A Tyneside Engineering firm celebrating 40 years in business has commissioned a special commemorative ale.
The Machinist – a best bitter beer – has been brewed by the Wylam Brewery to mark the anniversary.
Express Engineering, which supplies precision engineering services to various sectors including those of aerospace, sub sea oil and gas production, defence and medical, has come along way since its genesis in 1973.
Keith Thompson remortgaged his home to launch the business, which turned over around £30,000 in its first year, taking on three members of staff. More recently a £10 million expansion drive has boosted turnover to over £30million and has seen the company’s manufacturing floor space and staff levels double over the last five years. It now employs 300 people.
A series of events and activities have been planned for this 40th anniversary year – including the brewing of the special beer and a competition to name it.
Winner, Phil Lenier, Sales Manager, said: “The naming of the beer was supposed to reflect our company in some way. Machining is what we do and what we are best at, so ‘The Machinist’ and ‘best bitter’ seemed to be an ideal combination.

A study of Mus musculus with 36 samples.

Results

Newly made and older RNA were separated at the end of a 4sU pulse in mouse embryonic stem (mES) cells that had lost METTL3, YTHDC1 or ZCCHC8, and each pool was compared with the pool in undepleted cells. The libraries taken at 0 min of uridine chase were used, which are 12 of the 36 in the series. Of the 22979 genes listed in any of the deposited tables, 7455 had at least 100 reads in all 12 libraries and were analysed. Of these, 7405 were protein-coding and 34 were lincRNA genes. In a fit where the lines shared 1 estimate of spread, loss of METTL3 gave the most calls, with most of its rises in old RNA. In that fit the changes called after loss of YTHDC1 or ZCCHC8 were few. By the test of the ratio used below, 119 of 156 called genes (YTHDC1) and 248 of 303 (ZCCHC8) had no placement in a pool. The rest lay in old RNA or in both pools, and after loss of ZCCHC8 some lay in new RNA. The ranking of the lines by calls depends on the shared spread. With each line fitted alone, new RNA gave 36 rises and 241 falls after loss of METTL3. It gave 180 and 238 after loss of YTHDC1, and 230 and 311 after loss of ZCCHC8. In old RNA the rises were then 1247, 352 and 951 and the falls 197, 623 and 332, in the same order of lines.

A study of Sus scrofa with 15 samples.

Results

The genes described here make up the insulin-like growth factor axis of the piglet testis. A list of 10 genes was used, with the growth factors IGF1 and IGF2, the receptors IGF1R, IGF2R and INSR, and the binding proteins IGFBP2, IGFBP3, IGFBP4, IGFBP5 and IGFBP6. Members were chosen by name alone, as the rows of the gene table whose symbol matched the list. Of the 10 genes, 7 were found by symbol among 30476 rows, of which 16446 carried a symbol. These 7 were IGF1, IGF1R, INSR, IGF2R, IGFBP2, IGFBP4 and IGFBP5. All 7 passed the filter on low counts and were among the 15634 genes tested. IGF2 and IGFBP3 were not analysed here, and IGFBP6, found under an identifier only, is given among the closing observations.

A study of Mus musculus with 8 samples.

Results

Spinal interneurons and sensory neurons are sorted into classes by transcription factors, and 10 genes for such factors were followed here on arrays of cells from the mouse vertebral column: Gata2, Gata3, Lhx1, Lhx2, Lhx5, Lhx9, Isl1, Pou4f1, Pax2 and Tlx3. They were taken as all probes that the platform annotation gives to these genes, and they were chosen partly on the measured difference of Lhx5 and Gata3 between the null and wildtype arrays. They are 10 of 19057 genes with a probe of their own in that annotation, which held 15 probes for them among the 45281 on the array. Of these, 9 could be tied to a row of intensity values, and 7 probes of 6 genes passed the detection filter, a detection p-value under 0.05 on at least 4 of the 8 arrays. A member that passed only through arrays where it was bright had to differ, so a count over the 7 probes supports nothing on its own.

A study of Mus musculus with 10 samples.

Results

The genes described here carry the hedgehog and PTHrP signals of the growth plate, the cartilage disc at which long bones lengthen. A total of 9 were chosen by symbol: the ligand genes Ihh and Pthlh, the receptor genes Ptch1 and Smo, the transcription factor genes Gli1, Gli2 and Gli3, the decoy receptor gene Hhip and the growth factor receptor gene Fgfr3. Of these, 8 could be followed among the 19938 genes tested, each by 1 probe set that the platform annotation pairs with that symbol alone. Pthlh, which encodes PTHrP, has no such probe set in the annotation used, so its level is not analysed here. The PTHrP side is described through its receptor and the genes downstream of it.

“Achieving 40 years in business is a fantastic milestone for any business and doing it in engineering in the North East is truly special. Hopefully after another 10 successful years we can engineer a name the Champagne competition!”
John Boyle, MD at The Wylam Brewery, said: “We are delighted to have been able to produce a great beer for Express Engineering’s 40th anniversary.
“What better way to celebrate a company Engineering components in the UK than with a traditional bespoke pint of English bitter. We wish them every success in the future.”
A specialist micro brewery based in Northumberland, the Wylam Brewery produces over a million pints and bottles of beer a year. Supplying pubs and specialist outlets throughout the North of England and Southern Scotland, The brewery’s beer has won many accolades over the years with their multi award winning Gold Tankard being probably the best selling ‘proper beer’ in the North East of England.